Ethical leadership as a reflex at Volvo Cars Premium


Business Digest Wilkman Volvo

“Ethics is one of the most important parts of leadership,” says Erica, emphasizing that the trust of all company stakeholders and customers depend on it and that, in the new digital era, trust is linked in more ways and more critically to company performance than ever before. “It’s particularly important in terms of getting the most from the people who work for you,” says Erica. “When I look back at my own career, I haven’t always had good personal chemistry with all of my superiors — everyone can’t like everyone! But that hasn’t really mattered to my performance as long as I felt that I respected my leaders. I have to see that the people leading me have integrity — that they act on their values — to feel engaged and perform well.” In addition to engagement issues, Erica emphasizes that leading ethically is simply “good business.” “As our CEO, Håkan Samuelsson, has said, ‘Shortcuts are seldom beneficial over the long term.’ Even when an ethically questionable decision seemingly has a short-term financial benefit, it tends to cost the organization over the long term. But it takes a lot of courage and integrity to maintain a high level of ethical leadership in the face of tough business situations, which is why it is so important to have the kind of culture and training in place that develops ethical reflexes in leaders and employees in response to the difficult moral dilemmas that they inevitably face on a day-to-day basis.”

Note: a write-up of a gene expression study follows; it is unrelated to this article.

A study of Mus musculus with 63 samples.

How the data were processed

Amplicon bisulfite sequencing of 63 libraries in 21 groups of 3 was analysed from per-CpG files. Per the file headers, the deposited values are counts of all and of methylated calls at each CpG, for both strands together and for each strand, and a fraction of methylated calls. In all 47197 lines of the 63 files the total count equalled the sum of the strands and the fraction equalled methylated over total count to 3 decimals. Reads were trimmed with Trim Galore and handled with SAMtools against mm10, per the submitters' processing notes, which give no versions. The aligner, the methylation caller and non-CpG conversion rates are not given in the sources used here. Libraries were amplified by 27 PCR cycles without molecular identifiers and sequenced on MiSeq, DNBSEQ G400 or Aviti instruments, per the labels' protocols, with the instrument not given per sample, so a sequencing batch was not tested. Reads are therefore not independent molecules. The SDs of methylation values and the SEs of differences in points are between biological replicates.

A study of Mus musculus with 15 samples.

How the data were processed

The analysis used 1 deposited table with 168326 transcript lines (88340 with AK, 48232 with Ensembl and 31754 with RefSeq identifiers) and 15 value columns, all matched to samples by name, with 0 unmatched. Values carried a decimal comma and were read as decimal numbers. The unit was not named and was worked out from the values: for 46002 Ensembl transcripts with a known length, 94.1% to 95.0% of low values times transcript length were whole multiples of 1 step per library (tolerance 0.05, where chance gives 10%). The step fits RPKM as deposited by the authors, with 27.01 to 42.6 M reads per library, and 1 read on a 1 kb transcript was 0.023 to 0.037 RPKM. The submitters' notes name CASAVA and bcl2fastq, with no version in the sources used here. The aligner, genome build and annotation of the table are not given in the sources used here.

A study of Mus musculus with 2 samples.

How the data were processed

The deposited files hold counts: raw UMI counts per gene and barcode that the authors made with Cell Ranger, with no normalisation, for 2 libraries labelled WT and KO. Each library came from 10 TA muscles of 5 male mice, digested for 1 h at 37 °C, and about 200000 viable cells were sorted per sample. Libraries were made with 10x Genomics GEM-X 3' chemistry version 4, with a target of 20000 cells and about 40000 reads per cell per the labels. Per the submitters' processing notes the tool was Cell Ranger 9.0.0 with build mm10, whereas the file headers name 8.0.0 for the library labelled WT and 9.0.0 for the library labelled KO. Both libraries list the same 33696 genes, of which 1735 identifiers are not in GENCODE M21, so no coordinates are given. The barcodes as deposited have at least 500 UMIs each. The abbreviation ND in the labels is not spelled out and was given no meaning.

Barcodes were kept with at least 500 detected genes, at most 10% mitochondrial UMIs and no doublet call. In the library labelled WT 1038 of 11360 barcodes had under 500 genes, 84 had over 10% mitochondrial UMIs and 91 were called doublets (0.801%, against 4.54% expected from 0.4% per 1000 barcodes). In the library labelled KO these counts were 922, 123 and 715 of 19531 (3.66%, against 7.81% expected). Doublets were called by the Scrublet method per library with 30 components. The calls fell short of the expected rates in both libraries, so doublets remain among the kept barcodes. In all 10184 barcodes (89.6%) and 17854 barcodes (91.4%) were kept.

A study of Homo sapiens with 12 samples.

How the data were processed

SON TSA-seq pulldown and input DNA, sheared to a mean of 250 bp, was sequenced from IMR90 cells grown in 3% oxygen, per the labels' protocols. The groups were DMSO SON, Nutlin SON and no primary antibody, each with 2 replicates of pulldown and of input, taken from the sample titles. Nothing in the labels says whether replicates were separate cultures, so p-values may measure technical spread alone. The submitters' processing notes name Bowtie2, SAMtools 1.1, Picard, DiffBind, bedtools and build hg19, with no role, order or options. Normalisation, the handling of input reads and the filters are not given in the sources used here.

Since October 2013, Erica Wikman has been the chief compliance officer for Volvo Car Group, heading up their Corporate Compliance & Ethics Office, which has the responsibility of developing, implementing, and maintaining an effective compliance & ethics program on a global basis within the company. She joined Volvo Cars in September 2004 as a labour affairs manager and has since served as both a senior manager in HR and the director of sustainability communication. Erica holds a Master of Law from the University of Gothenburg.


Based on Return On Character: The Real Reason Leaders and their Companies Win by Fred Kiel (Harvard Review Press, March 2015), “Pourquoi des managers même pas méchants prennent-ils des decisions immorales ?” by Sonia Arnal (Allez Savoir!, January 2015); “How unconscious bias affects everything you do,” by Howard Ross (Fast Company, October 2014); “Loyalty to a Leader Is Overrated, Even Dangerous,” by Julie Irwin (Harvard Business Review, December 2014); “Peer Pressure for Teens Paves the Path to Adulthood” by Shirley S. Wang (The Wall Street Journal, June 2013) and the interview with Erica Wikman, Chief Compliance & Ethics Officer, Volvo Car Group.